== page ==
Friday, June 25, 2010

Exposure, Indecent and Otherwise

Two incidents of stripping public figures bare bracket the question of "the public's right to know" in an era of redefining journalism--the downfall of Gen. McChrystal and an inconvenient possible truth about Al Gore as a Clintonesque groper.

David Brooks asserts the General was done in by a cultural change that has elevated "private kvetching" by public officials to the forefront of the news, citing Theodore White's "Making of the President" books in the 1960s as a turning point.

He concludes that "the exposure ethos, with its relentless emphasis on destroying privacy and exposing impurities, has chased good people from public life, undermined public faith in institutions and elevated the trivial over the important."

For a participant and close observer of all this, that misses the main point--an evolution that has taken journalism from helplessly reporting official lies (as in Sen. Joe McCarthy's wild claims) to digging for the truth behind them (Woodward and Bernstein) to, in the age of the Internet, of swamping us 24/7 with facts, factoids and fake news.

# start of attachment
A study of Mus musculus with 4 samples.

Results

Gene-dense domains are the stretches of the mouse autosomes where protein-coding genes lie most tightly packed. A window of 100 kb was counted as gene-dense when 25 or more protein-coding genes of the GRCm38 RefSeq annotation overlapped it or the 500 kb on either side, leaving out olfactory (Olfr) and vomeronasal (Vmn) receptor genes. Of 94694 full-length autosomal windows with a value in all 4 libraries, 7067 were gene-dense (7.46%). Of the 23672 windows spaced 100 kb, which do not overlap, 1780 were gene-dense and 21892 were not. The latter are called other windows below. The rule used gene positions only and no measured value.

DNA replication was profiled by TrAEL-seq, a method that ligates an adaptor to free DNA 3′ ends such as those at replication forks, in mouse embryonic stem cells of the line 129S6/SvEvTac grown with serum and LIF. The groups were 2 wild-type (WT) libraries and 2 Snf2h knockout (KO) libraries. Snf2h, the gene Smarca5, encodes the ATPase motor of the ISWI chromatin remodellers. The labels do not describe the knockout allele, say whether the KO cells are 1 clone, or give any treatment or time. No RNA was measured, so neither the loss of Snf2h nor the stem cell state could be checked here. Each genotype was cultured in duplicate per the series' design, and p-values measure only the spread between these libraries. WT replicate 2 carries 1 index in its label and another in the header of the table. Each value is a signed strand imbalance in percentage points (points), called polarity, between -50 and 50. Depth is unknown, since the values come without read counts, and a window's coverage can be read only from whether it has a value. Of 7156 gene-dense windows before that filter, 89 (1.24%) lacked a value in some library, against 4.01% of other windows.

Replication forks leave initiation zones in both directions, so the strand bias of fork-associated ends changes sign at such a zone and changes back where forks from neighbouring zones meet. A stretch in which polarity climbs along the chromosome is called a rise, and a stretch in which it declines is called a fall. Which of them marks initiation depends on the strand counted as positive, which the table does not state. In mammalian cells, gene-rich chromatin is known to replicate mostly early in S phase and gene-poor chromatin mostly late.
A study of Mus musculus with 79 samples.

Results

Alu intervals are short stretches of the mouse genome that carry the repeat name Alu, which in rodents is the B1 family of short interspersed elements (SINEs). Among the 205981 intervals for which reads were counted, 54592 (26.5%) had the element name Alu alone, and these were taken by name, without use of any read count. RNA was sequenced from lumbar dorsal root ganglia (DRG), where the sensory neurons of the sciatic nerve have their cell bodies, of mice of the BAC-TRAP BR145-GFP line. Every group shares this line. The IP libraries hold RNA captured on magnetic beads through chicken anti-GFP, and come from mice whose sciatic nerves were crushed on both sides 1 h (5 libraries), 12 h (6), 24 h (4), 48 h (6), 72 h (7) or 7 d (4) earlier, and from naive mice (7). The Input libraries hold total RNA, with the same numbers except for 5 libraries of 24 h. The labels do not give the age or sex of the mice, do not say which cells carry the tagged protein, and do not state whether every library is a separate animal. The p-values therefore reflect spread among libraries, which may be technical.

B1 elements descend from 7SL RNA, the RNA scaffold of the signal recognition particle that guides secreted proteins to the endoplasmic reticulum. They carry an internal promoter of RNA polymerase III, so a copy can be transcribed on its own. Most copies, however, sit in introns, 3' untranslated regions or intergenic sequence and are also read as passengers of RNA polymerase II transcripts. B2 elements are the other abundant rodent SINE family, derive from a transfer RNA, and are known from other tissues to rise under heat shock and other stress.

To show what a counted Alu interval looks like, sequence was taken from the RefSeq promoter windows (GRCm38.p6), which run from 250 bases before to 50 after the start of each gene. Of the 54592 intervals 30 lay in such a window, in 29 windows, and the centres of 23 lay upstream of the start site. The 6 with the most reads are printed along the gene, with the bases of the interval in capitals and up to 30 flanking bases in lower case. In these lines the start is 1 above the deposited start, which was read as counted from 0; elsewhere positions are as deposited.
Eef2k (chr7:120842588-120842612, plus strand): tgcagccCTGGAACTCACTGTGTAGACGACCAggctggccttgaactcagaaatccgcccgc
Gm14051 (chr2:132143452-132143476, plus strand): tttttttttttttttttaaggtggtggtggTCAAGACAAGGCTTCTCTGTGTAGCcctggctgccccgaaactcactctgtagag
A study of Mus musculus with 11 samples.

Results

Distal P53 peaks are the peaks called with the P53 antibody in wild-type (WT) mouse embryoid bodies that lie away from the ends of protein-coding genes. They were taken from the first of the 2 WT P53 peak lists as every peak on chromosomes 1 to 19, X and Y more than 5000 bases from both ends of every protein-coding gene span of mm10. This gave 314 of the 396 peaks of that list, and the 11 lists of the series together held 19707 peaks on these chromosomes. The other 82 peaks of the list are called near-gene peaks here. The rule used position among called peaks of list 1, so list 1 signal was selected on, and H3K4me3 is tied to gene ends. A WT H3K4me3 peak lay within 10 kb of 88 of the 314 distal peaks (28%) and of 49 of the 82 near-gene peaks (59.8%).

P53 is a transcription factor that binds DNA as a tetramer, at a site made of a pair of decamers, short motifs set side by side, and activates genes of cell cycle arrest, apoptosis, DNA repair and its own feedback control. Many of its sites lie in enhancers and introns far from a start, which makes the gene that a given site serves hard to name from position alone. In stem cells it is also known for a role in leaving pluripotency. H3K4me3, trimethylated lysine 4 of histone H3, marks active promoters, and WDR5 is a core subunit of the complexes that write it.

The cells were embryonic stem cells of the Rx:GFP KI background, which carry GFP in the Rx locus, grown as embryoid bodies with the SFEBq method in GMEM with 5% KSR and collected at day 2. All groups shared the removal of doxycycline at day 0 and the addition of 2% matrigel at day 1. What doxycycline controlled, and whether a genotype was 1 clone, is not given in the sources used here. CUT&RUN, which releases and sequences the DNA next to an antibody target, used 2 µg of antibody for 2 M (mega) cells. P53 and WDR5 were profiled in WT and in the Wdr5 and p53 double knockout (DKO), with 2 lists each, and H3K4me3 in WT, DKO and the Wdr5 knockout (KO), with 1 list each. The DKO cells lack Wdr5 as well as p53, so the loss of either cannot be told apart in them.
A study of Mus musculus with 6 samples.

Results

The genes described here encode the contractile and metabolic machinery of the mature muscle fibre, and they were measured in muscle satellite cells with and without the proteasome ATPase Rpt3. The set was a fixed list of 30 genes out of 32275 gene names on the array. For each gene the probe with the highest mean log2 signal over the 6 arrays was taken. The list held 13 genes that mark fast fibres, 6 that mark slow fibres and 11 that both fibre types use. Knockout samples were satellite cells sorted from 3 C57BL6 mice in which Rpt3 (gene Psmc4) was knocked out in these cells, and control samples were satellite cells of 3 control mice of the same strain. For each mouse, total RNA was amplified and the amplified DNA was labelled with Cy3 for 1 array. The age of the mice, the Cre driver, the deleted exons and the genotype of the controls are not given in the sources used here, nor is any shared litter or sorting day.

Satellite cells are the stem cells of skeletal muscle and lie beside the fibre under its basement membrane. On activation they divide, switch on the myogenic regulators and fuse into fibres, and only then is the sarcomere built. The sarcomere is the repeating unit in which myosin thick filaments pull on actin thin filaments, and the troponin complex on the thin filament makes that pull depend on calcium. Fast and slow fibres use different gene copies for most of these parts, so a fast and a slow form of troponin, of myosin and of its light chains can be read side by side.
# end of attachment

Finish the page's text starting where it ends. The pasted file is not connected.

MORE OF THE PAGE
If anything, the McChrystal saga illustrates, not the overwhelming of public privacy, but a classic journalistic mission, particularly of magazines with the luxury of time to do it, of finding and showing the truth behind officially constructed facades.

Over the past year, the General's insubordination was one of those truths struggling to be seen, going back to last fall when he went public to pressure the President's decision of more troops for Afghanistan, to the point of being indirectly reprimanded by the Secretary of Defense.

McChrystal's arrogance, far from being what Brooks terms a harmless outlet to "let off steam," was part of a campaign to pressure an ambivalent President into making a major commitment of lives and money to what many, if not most Americans, consider a losing cause.

What Michael Hastings showed in Rolling Stone will probably win a National Magazine Award, for the same reasons that I, as a judge 40 years ago, voted to give one to the New Yorker for Richard Harris' reporting on what John Mitchell was doing to corrupt the Justice Department, long before the Watergate scandal broke.

All the way down at the other end of the news food chain is a National Enquirer revelation that Al Gore may or may not have acted like a jerk while getting a massage in Portland, Oregon four years ago.

Do we really need to know the details of that? Or does that come under the heading of giving people the privacy, by Brooks' definition, to let off steam?